Guest editorial/Column #2 by Jon Roland, Constitution Society, 210/224-2868, May 1, 1995

Rediscovery of the Constitution

The Eleventh Commandment was stated in positive terms, "Love thy neighbor ...", but it might be better understood by contemporaries if it were restated using the previous format: "Thou shalt not demonize or dehumanize others." The beginning of hatred is putting a label on someone. Even a seemingly innocent label, intended only to speed up communication, can have the effect of lumping very different people together, dismissing their concerns, and relegating their grievances to the ashcan.

One has to wonder what James Madison or Thomas Jefferson would say if they could come back today and hear people who are devoted to government compliance with the Constitution being dismissed as "extremists".

Well, it would seem that at least five members of the Supreme Court have tentatively joined the ranks of those radicals that federal agents like to describe as people who "take the Constitution literally". In the recent decision in U.S. v.Lopez Justices Rehnquist, Kennedy, O'Connor, Scalia, and Thomas joined to overturn a federal criminal statute based on the interstate commerce clause for the first time since 1936, on the grounds that carrying a gun on or near a school did not "affect" interstate commerce.

A little background here. After the Supreme Court ruled, correctly, against several of President Franklin Roosevelt's legislation intended to deal with the Great Depression, Roosevelt threatened to "pack" the Supreme Court, increasing its number by statute from nine to fifteen, and adding additional members chosen to vote for the constitutionality of his legislation. There are also unconfirmed reports that the justices may have been threatened in other ways. In any case, seeing that they could not withstand the determined efforts of the President and Congress to adopt unconstitutional legislation, they surrendered and proceeded to violate their oath to uphold the Constitution. The Supreme Court has been doing that ever since, allowing more and more federal power to be assumed, most of it based on that interstate commerce clause.

When the subject of federal legislation couldn't be described as "interstate commerce", Congress began to expand federal jurisdiction to include not only "interstate commerce" itself, but anything that had ever moved as interstate commerce, then everything that might some day move as interstate commerce, then anything that might be "part of an aggregate" of things, some of which move as interstate commerce. Then they decided that it should include all the operations of any enterprise that engages in interstate commerce. And, finally, that it should include anything that "affects" interstate commerce.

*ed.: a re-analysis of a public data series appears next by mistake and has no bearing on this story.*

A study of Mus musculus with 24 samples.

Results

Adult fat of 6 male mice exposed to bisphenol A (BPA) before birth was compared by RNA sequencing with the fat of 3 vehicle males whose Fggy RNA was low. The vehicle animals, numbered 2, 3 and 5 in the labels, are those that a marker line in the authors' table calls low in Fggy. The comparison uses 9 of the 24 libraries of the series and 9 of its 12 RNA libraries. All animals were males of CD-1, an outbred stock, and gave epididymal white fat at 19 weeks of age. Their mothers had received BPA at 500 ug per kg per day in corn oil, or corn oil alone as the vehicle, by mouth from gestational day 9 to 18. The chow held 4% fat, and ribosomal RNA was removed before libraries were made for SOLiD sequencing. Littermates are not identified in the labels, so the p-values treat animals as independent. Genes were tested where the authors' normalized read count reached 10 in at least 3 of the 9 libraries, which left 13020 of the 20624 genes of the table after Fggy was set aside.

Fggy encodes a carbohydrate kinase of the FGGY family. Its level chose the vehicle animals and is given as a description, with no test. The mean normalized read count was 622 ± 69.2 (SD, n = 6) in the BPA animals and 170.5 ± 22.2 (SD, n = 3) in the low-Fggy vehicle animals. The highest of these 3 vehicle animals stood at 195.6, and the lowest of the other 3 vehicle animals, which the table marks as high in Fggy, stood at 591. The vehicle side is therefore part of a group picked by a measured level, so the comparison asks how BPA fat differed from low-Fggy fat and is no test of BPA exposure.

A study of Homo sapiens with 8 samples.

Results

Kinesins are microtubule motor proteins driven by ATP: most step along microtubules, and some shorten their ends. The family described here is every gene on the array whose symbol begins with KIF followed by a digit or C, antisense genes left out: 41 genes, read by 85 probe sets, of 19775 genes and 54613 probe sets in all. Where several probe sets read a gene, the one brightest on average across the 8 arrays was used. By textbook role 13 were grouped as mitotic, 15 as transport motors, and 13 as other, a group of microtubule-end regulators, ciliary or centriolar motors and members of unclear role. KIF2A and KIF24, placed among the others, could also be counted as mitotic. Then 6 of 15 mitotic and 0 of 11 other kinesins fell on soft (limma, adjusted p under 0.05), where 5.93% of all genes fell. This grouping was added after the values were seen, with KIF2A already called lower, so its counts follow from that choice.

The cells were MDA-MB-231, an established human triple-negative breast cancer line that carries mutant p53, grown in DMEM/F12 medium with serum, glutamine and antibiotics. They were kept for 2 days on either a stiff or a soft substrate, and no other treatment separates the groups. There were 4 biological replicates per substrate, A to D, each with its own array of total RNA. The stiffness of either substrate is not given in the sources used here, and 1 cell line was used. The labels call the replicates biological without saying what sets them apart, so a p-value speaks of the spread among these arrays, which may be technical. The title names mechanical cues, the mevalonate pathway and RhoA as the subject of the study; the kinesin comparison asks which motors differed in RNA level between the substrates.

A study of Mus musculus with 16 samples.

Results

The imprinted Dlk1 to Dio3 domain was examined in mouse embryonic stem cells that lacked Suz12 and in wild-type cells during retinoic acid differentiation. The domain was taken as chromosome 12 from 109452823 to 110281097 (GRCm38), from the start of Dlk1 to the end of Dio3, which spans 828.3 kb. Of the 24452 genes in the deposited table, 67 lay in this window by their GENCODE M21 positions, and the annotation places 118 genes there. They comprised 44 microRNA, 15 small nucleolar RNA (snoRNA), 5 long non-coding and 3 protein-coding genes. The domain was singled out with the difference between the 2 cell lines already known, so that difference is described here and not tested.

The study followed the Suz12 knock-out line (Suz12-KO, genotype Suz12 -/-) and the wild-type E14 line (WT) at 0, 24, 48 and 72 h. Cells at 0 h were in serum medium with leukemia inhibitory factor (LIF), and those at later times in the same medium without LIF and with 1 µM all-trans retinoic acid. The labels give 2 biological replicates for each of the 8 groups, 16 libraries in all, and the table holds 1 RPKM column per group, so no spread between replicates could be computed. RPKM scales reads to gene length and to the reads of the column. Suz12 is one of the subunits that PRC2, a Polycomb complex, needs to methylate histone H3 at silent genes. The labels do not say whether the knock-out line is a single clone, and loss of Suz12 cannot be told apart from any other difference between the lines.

But that was not enough. Although the original meaning of "to regulate" was "to train or discipline", and was intended to cover the kind of thing done at loading docks and traffic intersections, the meaning was extended to include "prohibition", and the power to impose criminal sanctions on violators, that is, the deprivation of life or liberty, rather than such civil sanctions as the deprivation of property or privileges. This led to a host of federal criminal legislation, much of which might be arguably constitutional if applied only to federal territory not the part of any state, over which the Constitution grants "general legislative" powers, but not over offenses committed on state territory.

If federal courts begin to pick up on this important Supreme Court decision, and to unravel the last 60 years of unconstitutional federal legislation, we could see a contraction of government that will bring significant changes to the lives of everyone. The thing that most irritates constitutionalists and civil libertarians is the assertion of jurisdiction by federal courts over offenses committed on state territory over which the central government does not have jurisdiction. The only crimes committed on state territory over which the federal courts have jurisdiction are treason, counterfeiting, piracy and felonies on the high seas, and offenses against the laws of nations. In addition, the federal government may, arguably, have the power, under the fourteenth amendment, to prosecute for the crime of an official at any level violating the civil rights of a person.

However, when was the last time anyone heard of a high-level federal official being prosecuted for violating the civil rights of anyone? Not that such violations don't happen, of course. It's just that no one is held accountable. And this reveals a basic flaw in the structure of the Executive Branch of the federal government. Agencies are left to police themselves.

What is needed is to restructure the Executive Branch so that every agency and department has at least two other agencies and departments to watchdog it, the watchdogs competing with one another to uncover misconduct. And the watchdogs should have their own watchdogs.